A Texas mother is speaking out after getting a visit from police and being investigated by Child Protective Services over her decision to allow her six-year-old son to play outside the family's home.

The Austin woman, Kari Anne Roy, wrote about the ordeal on her blog last week. She explained that it all started when a female neighbor walked her son home, saying she was concerned that no adult was present with the boy and his eight-year-old sister.

Roy said her kids were only about 150 yards away and that she could see them from the porch.

After that, the neighbor apparently called police to the house, and a week later a CPS investigator was at her house to question her three children.

She wrote:

Within an hour she was at the house, interviewing the kids one at a time, alone with her, while I had to sequester myself upstairs. I wanted to argue. I wanted to protest. I wanted to stamp my foot and say, "No, ma'am, you are NOT allowed to speak to my children without me being present." But I was cowed. And I understood why the process had to be that way. I didn't like it. I DON'T like it. But I understood. I understand. I complied.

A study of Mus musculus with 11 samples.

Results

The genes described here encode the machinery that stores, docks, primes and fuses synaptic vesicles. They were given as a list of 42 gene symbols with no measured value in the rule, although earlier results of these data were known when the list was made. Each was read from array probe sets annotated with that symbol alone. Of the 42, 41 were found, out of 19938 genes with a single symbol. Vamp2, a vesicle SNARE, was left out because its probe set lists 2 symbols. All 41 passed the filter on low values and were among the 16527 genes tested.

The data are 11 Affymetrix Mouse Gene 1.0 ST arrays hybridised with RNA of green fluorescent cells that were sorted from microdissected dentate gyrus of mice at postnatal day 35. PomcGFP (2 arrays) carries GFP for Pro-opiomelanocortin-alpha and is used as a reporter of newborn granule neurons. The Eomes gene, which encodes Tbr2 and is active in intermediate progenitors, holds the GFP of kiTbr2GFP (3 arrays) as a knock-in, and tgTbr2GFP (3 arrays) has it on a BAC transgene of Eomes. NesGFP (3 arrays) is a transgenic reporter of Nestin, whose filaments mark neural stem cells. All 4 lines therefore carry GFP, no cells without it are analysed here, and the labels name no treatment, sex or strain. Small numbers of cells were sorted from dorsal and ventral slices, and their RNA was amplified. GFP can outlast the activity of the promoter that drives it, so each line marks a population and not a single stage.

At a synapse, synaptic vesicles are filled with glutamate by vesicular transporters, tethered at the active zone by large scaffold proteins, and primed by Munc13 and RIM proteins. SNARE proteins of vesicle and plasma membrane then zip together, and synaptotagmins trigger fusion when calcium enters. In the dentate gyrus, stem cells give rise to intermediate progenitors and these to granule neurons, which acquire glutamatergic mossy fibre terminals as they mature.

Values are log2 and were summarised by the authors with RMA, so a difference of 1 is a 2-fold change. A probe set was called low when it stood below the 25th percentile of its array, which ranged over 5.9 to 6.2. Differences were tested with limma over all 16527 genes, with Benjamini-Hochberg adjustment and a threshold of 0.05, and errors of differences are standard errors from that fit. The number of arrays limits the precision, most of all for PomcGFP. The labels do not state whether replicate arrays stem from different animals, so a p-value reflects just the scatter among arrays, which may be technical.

My kids reported that she asked questions about drugs and alcohol, about pornography, about how often they bathe, about fighting in the home. And again, I understand the need for these questions. I understand CPS investigators have an incredibly difficult job. But the conflict I feel is immense. My children were playing outside, within sight of the house, and now my 6yo and 8yo and 12yo have seen their mother spoken to -- multiple times -- as if she, herself, was a child being reprimanded. They have all been questioned, by a stranger, about whether they've ever been shown movies of other people's private parts. And no matter what I say, I can tell that they think they've done something wrong.

After the children were interviewed, I was interviewed, my husband was called (again, making me feel as if I had acted like a disobedient child), even our babysitter got a phone call. Then, finally, once the case worker consulted with her supervisor, I was reassured that because the kids really were just playing outside, and their stories matched mine as well as the police officer's account, the incident would be marked as a non-event and the case would be closed. (The case is now officially closed, I waited to blog about it until I knew for sure.)

The Outnumbered panel took a look, discussing whether this is a case of a nosy neighbor or whether the mother did something wrong. Watch the discussion above.